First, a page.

AIM (American Indian Movement) has been around since the 1968 when it was first founded and so it has gone through a wide variety of styles of protests and costuming.
In the photo of the 1968 American Indian Movement protest there are several people wearing outfits with traditional tasseling or beading as though to visually point out that the traditional culture is still very alive. In this photo you see that it does seem a peaceful march and one can even see that there are young children marching with the adults. The large sign being held up could have been the predecessor to their symbol today(the black, yellow, white and red flag)
|Armed AIM Roadblock courtesy of Soldiers For The Cause|
|1992 Anti-Columbus Day Protest|
This is a protest against Columbus Day because some people feel that it is improper to have a holiday in the name of a settler and feel that it does a diservice to their ancestors who died in conflicts against the settlers. I would like to point out that the foremost banner is from AIM however to the far left there is a darker banner that appears to have writing that appears to be of asian origin on it. This is one thing I noticed about AIM; they often have other groups protesting with them or they protest with other groups.
|"American Indian movement activist Glenn Morris|
is arrested during protests to halt the annual
Columbus Day Parade in 2007 in Denver."
Courtesy of The Buffalo Post
This is Glenn Morris one of the leaders of AIM being arrested during the annual repeat of the march seen above. I would like to point out the use of AIM's colours on his clothing in a fashion that is similar to clothing that you might see in an aboriginal history museum. I would point out what red may represent but I mentioned it in my last post. However, I did want to add that in the archaeological record, many native cultures used red ochre in their burials and sacred places so the colour red has had a strong meaning and value in the native cultures for many years.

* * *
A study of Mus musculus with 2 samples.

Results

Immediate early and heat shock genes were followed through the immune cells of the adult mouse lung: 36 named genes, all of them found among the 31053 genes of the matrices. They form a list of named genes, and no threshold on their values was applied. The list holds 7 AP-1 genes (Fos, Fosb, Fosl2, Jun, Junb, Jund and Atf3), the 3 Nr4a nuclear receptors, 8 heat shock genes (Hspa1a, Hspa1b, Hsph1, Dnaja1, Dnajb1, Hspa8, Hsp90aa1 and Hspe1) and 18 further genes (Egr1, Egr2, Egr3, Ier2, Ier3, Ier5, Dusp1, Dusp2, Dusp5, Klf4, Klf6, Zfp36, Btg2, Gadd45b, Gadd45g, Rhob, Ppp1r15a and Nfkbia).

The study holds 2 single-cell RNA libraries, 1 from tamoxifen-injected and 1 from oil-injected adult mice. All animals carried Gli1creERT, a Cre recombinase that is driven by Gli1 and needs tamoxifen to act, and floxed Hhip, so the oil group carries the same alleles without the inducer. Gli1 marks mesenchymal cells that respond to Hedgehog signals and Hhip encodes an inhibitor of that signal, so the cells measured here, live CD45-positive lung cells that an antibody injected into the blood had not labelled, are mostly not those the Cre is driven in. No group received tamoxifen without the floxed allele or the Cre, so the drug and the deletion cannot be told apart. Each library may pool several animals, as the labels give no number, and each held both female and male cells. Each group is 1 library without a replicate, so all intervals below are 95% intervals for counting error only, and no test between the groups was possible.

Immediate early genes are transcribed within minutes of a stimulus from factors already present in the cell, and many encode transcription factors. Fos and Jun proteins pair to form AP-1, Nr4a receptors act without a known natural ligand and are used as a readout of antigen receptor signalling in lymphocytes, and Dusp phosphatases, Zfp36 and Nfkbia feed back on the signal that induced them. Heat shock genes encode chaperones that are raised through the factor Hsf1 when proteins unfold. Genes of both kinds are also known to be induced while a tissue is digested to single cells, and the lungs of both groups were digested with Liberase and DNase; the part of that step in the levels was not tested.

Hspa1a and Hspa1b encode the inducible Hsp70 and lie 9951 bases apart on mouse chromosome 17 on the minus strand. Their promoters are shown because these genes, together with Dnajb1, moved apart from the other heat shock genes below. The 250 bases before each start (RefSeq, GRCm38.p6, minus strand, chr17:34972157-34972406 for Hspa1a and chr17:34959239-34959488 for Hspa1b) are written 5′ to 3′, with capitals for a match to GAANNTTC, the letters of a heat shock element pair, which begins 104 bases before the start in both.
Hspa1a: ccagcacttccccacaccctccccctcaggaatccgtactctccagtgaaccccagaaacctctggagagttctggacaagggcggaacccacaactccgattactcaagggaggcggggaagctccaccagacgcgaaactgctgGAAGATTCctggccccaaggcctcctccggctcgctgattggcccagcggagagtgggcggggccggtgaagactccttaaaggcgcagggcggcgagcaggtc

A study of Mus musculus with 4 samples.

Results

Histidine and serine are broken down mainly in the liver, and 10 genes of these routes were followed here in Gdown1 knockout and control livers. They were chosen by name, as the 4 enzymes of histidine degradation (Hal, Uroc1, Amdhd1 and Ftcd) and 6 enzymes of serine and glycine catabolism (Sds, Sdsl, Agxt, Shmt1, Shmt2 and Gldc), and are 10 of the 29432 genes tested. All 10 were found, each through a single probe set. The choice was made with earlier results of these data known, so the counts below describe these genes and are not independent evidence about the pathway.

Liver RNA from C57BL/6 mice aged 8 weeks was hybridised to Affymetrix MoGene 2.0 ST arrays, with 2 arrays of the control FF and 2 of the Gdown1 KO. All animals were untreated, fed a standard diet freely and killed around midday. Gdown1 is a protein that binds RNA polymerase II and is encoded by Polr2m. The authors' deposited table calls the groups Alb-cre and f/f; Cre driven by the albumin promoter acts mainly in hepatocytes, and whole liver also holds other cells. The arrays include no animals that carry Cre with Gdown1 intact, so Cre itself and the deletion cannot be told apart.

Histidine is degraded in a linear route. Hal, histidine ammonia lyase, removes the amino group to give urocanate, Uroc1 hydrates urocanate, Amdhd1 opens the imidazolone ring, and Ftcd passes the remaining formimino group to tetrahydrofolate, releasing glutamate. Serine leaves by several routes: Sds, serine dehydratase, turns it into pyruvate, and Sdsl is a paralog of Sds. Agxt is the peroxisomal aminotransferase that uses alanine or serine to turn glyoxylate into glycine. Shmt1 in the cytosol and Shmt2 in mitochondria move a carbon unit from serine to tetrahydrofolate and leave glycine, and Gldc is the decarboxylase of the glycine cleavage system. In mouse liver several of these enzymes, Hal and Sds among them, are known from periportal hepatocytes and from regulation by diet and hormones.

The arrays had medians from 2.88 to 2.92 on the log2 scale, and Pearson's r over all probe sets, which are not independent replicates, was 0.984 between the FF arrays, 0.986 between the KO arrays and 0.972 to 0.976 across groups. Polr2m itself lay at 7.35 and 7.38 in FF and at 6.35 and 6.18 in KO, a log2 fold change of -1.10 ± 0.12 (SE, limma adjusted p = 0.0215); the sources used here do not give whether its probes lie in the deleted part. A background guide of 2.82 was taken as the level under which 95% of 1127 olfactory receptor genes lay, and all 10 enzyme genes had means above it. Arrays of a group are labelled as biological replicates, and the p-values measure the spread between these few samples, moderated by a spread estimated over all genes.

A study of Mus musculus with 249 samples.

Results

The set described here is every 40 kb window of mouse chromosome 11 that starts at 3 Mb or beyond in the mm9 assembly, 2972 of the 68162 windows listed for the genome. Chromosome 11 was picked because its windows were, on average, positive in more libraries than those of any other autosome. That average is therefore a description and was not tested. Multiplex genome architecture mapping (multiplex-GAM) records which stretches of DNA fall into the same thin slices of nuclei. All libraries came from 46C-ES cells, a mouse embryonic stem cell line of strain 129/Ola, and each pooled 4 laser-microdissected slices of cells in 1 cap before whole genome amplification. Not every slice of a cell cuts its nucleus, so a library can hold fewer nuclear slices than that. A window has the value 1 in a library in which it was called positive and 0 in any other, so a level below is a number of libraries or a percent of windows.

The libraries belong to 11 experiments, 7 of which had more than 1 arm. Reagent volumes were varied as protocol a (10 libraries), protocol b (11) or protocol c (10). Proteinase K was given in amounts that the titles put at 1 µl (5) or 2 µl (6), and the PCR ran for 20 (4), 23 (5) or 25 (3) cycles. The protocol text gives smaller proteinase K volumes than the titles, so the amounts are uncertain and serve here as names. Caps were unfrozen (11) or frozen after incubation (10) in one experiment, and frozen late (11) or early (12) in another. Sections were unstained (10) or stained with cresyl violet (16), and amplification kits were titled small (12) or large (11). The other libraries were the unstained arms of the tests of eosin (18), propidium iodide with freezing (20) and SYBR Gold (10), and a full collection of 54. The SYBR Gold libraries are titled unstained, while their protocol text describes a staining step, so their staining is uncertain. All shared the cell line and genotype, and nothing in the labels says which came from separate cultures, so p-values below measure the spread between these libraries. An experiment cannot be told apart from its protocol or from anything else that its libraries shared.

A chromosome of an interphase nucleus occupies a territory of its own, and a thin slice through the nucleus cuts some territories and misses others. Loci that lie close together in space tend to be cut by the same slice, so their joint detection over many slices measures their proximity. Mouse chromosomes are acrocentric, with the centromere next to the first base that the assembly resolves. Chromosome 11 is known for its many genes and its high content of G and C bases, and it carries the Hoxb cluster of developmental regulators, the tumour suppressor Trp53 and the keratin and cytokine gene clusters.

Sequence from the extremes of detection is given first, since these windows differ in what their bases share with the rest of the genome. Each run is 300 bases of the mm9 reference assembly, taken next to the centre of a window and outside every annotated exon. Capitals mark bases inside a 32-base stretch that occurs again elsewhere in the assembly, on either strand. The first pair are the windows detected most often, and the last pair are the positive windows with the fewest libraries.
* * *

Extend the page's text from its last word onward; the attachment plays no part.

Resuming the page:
In many Native protests there is someone dressed in traditional style clothing or clothing that follows some part of the traditional clothing style. I believe that this is meant to be a visual representation of the enduring power of native cultures. It tells the viewers of the protest that the traditional culture is still alive today and that there are people who are proud to be Native, Indian, Cree, Blackfoot, James Bay Cree, status or not, however they chose to identify themselves. It sends the same message as the image said in my first post: We Shall Remain.
Another use of a tradition in protest is the use of drumming which is often accompanied by singing and dancing. The amount of noise that just ten drummers can make would be enough for protesters to draw attention to their cause but imagine over a hundred dancer, singers, and drummers.
|"Glenn Morris, a leader of the American Indian Movement|
of Colorado (AIM) addressing Occupy Denver October 22"2011.
Courtesy of Carol Berry
This is another photo of Glenn Morris speaking to the Occupy Movement in Denver. In the foreground right we see a young woman and in this case, all of the individuals are wearing modern style casual clothes.
In comparison with the last photo, this photo seems to have a very different feel to it. In the foreground we see the AIM flag but instead of the casually-clad people in the last photo the flag is hoisted by people wearing almost militant gear. This row looks more like a row of flag bearers preparing for a battle than the young children we saw in the first image. I would also like to point out that the third flag down the row is the Red Power United flag whom I talked about in my last post as being a more violent direst action group.
Overall, I would saw that AIM does not have as standard a costume as some other groups may nor do they have a standard style but their adaptability may be what has made their group so popular.